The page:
Jul 7, 2018

What if AI made actors immortal?

Posted by in categories: climatology, life extension, policy, robotics/AI

I’m not that interested in this on the movie end, because i think most movies already suck, and couldnt really get any worse.

AUDREY HEPBURN DIED in 1993, but in 2013 she nevertheless starred in an advertisement for Galaxy, a type of chocolate bar. She was shown riding a bus along the Amalfi coast before catching the eye of a passing hunk in a convertible. In 2016 Peter Cushing, who died in 1994, reprised his role as the villainous Grand Moff Tarkin in the Star Wars film “Rogue One”. Such resurrections are not new, but they are still uncommon enough to count as news. Yet advances in special effects—and, increasingly, in artificial intelligence (AI)—are making it ever easier to manufacture convincing forgeries of human beings.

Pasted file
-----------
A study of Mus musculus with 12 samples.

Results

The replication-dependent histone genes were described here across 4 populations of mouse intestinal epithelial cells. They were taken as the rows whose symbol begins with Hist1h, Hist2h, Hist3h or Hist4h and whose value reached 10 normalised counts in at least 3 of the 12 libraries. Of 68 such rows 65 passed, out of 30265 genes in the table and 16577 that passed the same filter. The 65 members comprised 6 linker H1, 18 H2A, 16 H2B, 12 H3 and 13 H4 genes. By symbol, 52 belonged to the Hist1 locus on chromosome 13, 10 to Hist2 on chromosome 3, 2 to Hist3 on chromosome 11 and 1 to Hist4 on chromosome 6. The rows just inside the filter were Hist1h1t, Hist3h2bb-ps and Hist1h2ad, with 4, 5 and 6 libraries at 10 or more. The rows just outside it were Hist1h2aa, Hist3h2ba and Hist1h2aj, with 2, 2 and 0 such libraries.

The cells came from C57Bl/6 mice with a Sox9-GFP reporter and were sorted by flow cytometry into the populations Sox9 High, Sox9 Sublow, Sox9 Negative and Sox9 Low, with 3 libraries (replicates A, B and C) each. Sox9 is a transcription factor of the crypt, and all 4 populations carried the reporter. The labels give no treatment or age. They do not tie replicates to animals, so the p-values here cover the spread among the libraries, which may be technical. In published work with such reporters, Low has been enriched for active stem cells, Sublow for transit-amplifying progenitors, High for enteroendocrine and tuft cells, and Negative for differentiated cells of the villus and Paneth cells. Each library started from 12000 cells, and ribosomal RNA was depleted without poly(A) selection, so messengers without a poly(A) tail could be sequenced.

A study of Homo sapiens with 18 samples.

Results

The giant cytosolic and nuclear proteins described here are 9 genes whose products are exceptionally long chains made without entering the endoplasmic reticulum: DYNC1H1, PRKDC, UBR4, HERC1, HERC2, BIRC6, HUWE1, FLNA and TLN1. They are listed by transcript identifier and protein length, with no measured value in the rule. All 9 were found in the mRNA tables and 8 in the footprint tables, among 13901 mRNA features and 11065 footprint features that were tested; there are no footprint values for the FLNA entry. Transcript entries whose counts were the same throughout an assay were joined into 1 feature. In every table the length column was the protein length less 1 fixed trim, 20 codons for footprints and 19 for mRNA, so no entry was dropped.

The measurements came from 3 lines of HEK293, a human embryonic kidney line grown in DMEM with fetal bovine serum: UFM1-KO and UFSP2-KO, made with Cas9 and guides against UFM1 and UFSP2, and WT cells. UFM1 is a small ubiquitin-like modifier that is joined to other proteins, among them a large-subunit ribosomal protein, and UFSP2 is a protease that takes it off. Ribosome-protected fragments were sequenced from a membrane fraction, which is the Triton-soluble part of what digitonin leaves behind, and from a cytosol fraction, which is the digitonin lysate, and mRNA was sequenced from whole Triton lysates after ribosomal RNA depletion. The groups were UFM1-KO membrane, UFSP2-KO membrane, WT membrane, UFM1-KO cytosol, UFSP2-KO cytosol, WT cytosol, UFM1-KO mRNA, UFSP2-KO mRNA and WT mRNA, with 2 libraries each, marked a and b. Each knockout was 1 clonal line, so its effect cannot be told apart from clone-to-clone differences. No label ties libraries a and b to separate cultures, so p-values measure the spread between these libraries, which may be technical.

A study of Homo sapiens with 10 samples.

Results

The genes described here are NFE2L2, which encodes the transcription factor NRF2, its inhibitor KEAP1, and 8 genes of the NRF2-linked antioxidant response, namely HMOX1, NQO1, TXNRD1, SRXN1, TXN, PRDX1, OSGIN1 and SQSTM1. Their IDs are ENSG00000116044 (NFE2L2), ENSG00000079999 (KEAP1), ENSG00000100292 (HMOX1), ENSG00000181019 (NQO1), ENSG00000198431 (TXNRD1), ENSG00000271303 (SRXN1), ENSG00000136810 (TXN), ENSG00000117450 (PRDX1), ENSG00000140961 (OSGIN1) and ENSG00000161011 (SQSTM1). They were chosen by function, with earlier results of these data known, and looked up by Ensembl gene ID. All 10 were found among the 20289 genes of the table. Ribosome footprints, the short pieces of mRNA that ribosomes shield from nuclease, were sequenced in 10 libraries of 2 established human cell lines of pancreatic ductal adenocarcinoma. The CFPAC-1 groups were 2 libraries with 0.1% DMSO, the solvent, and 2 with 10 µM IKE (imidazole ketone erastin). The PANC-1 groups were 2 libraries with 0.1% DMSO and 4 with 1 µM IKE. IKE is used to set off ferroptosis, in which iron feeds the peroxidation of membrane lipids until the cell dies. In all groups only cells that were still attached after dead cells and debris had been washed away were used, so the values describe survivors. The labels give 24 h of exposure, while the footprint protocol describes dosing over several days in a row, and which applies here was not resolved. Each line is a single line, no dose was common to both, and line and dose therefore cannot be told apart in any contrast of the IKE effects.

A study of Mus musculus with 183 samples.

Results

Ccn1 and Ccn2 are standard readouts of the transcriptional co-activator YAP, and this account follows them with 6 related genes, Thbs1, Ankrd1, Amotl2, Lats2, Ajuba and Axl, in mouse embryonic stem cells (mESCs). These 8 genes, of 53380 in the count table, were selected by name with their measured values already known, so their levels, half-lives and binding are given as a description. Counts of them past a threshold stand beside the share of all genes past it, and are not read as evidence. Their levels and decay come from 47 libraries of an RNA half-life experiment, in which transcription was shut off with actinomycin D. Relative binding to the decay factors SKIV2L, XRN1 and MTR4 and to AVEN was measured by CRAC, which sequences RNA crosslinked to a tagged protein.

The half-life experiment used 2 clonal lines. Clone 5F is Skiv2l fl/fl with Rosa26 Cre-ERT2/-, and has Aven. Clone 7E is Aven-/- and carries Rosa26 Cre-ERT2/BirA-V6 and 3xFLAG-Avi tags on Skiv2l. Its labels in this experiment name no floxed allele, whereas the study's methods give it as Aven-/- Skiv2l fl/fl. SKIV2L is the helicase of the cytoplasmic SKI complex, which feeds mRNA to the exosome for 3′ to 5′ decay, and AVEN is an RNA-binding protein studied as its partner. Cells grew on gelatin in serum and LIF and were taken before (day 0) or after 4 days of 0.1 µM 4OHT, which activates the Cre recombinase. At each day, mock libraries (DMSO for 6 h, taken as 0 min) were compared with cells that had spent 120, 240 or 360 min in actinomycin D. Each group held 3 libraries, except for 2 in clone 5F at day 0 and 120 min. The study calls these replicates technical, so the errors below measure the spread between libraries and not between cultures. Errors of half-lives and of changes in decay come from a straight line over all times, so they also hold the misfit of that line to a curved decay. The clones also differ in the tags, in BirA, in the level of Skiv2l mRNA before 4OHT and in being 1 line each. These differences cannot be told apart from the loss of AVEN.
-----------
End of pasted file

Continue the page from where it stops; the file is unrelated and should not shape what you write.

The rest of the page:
In recent months this has led to concern that propagandists will use the technology to generate videos in which political figures appear to say compromising things. A video created by BuzzFeed, a news website, in April shows Barack Obama apparently saying “We’re entering an era in which our enemies can make it look like anyone is saying anything at any point in time,” for example. In May a Belgian political party produced a fake video of Donald Trump saying implausible things about Belgium’s climate policy. In both cases the video looks slightly off, and the voice is provided by an impersonator. But the technology is improving fast, prompting a dozen AI researchers to place bets on whether a fake video will disrupt America’s midterm elections later this year. (Tim Hwang, a Harvard academic, is overseeing the wager.)

Whatever happens in the arena of fake news, the same techniques are sure to revolutionise fiction of a different kind, in the form of film and television. In future, actors need not be creatures of flesh and blood, but could, like so many other things in an increasingly digitised world, exist as nothing more than long strings of 1s and 0s. Such digital actors would sit quietly in digital storage systems until their services were needed—there would be no need for luxury trailers, chefs and make-up people.